As I sit here cramming in a few last hours of study before sitting for my American Board of Family Medicine exam tomorrow, my smart phone repeatedly lights up. The #saveGME campaign is underway.
While I should keep studying, I cannot. Over the past several days, I have been reading articles and blog posts about the most recent spin in the deficit reduction “circus”—cut GME dollars out of the Medicare and Medicaid budgets. Neither of these issues has gotten traction in the mainstream media, and I know why. None of the journalists had the knee jerk reaction I did to the news: how will we train new doctors? While it is bad enough that most Americans, many of them eager to cut “entitlement” programs, don’t appreciate that about a quarter of our insured population is covered under government insurance (http://www.gallup.com/poll/125417/americans-reliant-government-healthcare-2009.aspx), a.k.a. “socialized medicine”, I presume even fewer residents—doctors in training, a.k.a “medicine’s future”—realize that their paycheck and much of the funding that keeps their training program up and running, comes from the Medicare and Medicaid budget. And if you are in a primary care program, one that is unable to generate tons of income from your services due to a flawed, procedure-based reimbursement system, you are especially dependent on these government funds.
And if the money dries up, the programs close. The vulnerability of primary care programs has been outlined in other blog posts here and elsewhere. The pre-existing shortage of primary care physicians is well known. Heck, the ACGME even titled its 20th report last year “Advancing Primary Care” (a title that sounds ironic at this moment), and mandated the U.S. increase its proportion of primary care physicians from the current 32% to at least 40%, the critical point at which health outcomes improve and costs decrease.
Despite this, GME funds are on the table.
So as the baby-boomers age, and the generation known as “the first to not outlive their parents’ life expectancy” enter adulthood and pile on their chronic, life-style-induced diseases, and as a morally just health reform law requires more Americans be given affordable health insurance, the roster will bloom with patients. These patients will be sick; they will have multiple disease processes, limited resources, and will demand increasingly complicated and expensive technology in their treatments. And if the GME cuts go through, and specialty programs survive by simply doing more procedures to generate more income for them and more debt for the American public, and the primary care programs shrink instead of grow, our nation’s health will suffer deeply.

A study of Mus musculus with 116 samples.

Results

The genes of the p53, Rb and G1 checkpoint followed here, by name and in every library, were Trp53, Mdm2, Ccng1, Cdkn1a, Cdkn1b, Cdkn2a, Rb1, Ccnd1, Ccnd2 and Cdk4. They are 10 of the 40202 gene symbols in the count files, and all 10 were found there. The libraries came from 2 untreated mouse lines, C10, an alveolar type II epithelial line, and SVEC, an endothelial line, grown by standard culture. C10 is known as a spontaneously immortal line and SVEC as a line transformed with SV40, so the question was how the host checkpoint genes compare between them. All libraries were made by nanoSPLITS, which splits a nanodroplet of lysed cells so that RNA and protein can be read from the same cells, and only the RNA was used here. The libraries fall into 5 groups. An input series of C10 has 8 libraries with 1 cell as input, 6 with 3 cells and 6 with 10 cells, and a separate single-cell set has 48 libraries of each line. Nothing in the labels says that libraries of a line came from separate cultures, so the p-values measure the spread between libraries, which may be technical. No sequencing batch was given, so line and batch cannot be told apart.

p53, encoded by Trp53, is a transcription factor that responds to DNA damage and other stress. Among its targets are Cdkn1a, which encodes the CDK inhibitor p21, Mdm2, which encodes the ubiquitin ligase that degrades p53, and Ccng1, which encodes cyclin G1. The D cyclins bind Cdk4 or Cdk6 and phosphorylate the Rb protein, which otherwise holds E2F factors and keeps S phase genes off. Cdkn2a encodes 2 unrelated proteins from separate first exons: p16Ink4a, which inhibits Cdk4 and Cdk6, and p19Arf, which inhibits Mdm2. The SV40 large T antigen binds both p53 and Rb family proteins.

The AAFP is mobilizing its members to contact their representatives. It has been lobbying members of Congress for a GME primary care carve-out that would send some funds directly to community-based primary care training programs (currently 100% of GME dollars are distributed to hospitals, who then decide which programs to fund), and it has iterated several more demands to the President directly. But it can do more. In my mind, the fact that most Americans, and most residents, don’t know that Medicare and Medicaid dollars are the key funding source for training all the doctors in this country is not acceptable. We need to use the media better and educate the public on how healthcare is delivered in this country. I think if they knew, they would be outraged.
Tomorrow I will be tested on knowledge that will allow me to say I am Board Certified in Family Medicine. Sadly, out of hundreds, there may only be a single question that tests my knowledge on the politics of medicine. And that’s too bad—because these days, medicine is all politics.